Now you can determine your neighborhood’s pestilence ranking online.
The new Environmental Public Health Tracking Portal maps the most livable neighborhoods for mice, rats and cockroaches. It's a useful if somewhat balky offering from the NYC Department of Health and Mental Hygiene.
Here are the highlights--or lowlights, depending on your proximity:
The Upper East Side upheld its sanitized reputation in daily sightings of roaches last year: Only 9.5% of households saw roaches every day for a month last year, followed by 12.7% of Greenwich Village/Financial District and StuyTown/Turtle Bay denizens.
The Upper West Side ranked slightly more pestilent (19.1%), while the Chelsea/Clinton/Midtown neighborhoods scored a 23%. Among the most overrun were the Lower East Side/Chinatown (42%) as well as East Harlem (51%).
Meanwhile across the East River, Brooklyn Heights/Ft. Greene logged a 25.4%, Williamsburg/Greenpoint 26%, and Park Slope 18.6%.
Mice and Rats
The new portal also offers a neighborhood-by-neighborhood snapshot of the percentage of buildings spying a mouse or rat during the three months before the 2008 survey. (Somewhat unhelpfully for city dwellers who hold rats in far greater disregard than mice, the two vermin are lumped together in the data.)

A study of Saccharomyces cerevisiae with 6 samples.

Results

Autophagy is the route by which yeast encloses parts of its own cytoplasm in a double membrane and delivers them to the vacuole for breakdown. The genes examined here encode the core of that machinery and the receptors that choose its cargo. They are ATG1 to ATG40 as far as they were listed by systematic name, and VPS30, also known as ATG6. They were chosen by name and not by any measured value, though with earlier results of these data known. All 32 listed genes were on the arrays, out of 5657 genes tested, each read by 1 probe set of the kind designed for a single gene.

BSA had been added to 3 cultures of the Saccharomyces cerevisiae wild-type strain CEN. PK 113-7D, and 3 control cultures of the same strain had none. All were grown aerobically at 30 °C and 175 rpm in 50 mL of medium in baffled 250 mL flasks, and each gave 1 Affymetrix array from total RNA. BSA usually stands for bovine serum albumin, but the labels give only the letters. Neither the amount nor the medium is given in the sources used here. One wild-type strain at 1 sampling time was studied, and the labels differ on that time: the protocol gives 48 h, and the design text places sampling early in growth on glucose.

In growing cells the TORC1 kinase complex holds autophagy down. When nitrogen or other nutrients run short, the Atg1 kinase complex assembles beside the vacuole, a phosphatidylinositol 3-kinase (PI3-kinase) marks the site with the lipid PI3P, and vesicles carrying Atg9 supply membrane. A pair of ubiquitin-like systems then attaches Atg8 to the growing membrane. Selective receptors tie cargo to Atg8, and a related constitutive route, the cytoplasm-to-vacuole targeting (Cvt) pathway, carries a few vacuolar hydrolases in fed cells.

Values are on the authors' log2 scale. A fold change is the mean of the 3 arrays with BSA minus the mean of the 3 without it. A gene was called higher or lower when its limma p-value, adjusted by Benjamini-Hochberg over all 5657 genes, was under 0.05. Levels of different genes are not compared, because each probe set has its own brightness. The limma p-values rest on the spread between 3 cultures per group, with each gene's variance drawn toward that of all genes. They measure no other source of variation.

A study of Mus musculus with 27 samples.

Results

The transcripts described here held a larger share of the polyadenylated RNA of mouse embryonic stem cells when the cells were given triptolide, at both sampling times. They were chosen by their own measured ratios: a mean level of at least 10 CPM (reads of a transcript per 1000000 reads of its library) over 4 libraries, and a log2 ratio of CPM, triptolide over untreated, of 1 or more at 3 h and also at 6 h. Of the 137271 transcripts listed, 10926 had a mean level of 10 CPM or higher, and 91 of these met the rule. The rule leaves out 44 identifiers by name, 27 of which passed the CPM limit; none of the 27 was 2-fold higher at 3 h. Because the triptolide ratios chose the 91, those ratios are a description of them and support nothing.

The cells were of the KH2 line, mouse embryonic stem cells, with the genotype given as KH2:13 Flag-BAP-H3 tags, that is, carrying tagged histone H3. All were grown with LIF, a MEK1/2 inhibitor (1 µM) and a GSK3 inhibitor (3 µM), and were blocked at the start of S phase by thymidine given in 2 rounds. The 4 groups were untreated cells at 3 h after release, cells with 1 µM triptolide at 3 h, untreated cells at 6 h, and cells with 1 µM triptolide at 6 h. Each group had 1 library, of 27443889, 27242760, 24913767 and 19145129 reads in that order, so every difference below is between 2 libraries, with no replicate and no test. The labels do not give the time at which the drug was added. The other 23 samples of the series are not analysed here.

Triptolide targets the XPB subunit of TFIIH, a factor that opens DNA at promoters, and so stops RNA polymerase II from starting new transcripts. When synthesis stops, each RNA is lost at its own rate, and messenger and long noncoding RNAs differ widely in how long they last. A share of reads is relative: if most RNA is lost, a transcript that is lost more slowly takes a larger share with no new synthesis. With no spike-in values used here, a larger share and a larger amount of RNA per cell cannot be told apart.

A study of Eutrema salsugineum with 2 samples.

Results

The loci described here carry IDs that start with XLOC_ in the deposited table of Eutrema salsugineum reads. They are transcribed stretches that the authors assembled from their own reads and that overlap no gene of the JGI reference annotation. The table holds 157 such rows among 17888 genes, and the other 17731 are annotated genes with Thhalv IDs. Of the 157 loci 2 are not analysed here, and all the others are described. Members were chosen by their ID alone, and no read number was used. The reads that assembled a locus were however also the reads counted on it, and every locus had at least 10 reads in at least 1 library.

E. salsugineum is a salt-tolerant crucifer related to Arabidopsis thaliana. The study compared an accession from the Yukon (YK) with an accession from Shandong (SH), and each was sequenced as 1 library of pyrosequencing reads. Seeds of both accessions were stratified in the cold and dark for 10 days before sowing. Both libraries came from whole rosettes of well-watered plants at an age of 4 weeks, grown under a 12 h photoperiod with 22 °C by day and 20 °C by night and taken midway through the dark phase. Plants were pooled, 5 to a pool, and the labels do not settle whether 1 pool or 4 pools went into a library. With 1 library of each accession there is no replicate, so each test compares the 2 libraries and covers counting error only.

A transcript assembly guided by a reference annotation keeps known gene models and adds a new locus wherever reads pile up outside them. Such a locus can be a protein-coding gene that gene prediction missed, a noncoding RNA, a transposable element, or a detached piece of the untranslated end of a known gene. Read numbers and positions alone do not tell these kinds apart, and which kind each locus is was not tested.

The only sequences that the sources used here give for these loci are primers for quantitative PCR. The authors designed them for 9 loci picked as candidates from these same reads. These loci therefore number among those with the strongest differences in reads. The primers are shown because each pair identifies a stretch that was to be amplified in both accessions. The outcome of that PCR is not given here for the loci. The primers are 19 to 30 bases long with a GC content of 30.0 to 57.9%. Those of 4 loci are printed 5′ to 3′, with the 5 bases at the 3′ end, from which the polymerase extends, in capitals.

In Manhattan last year, the fewest furry incursions occurred in StuyTown/Turtle Bay (6.7%), followed by the Upper East Side (10.2%), Greenwich Village/Financial District (10.6%), the Upper West Side (14.5%), Chelsea/Clinton/Midtown (18.7%), East Harlem (29%), and the LES/Chinatown (31.5%).
In Brooklyn, Willamsburg/Greenpoint scored a 19.7%, Park Slope/Carroll Gardens 20%, and Brooklyn Heights/Ft. Greene 26.3%.
...Plus, one glaring omission
As Bedbugger.com points out, the stats don't include bed bugs, which have arguably replaced mice, rats and cockroaches as the scourge of our decade.
“You certainly can track them. Toronto did in 2003," notes Bedbugger.
"But the city is not doing so, or — to the degree they are tracking complaints — they’re not letting us see the results in the same way they are for mice, rats, and cockroaches.
We hope a bed bug infestation tracking program — including sharing the resulting information with the public as is done with these other urban pests — will be among the recommendations made by the New York City Bed Bug Advisory Board. And soon.”